The government's decision not to introduce the Equalities Act 2010 in full could potentially lead to a widening of the gender gap on wages, which may in turn cause more grievance cases on the grounds of pay discrimination.
That is if comments made by Ceri Goddard, chief executive of the Fawcett Society, are anything to go by, as she believes that this measure by the Conservative-Liberal Democrat alliance goes some way to endorsing and even encouraging unequal pay.
Last Friday (October 1st), the government implemented around 90 per cent of this new legislation into British law, but stated that the other ten per cent of the bill passed by parliament in April of this year was now under review.
Among the measures under scrutiny is the clause that would make it compulsory for private firms with more than 250 employees to formally establish whether there is a gap in the amount paid to their male and female staff members.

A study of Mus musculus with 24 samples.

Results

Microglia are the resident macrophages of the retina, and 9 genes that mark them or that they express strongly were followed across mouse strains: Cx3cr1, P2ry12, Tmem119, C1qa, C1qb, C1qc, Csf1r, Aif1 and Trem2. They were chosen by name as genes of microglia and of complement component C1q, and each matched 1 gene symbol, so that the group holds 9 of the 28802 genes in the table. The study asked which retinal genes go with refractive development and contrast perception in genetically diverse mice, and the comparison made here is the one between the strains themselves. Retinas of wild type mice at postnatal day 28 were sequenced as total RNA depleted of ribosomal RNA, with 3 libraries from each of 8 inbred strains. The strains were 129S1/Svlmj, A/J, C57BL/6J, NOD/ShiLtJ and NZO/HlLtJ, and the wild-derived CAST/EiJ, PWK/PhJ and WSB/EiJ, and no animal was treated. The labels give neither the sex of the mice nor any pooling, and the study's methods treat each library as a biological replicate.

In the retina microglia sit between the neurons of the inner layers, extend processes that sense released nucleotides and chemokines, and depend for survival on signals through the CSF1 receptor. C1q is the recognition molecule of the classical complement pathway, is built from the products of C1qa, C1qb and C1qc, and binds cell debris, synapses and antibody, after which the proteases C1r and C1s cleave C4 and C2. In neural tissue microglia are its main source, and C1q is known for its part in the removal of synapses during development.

And the official from the organisation - which has been present for more than a century - remarked: "Failing to implement [the Act] in full sends out a clear signal that creating a more equal society is a low priority for the coalition."
Emma Hawksworth, Partner at Russell Jones & Walker solicitors commented: "Women's full time hourly pay still lags behind men by some 16%. It is widely recognised that our complex equal pay legislation has not met the objective of narrowing that gap quickly enough. More ambitious measures to reduce the gap would be welcome, so it is a shame that these are now under review again, especially at a time when financial conditions mean that employers may not be prioritising pay equality".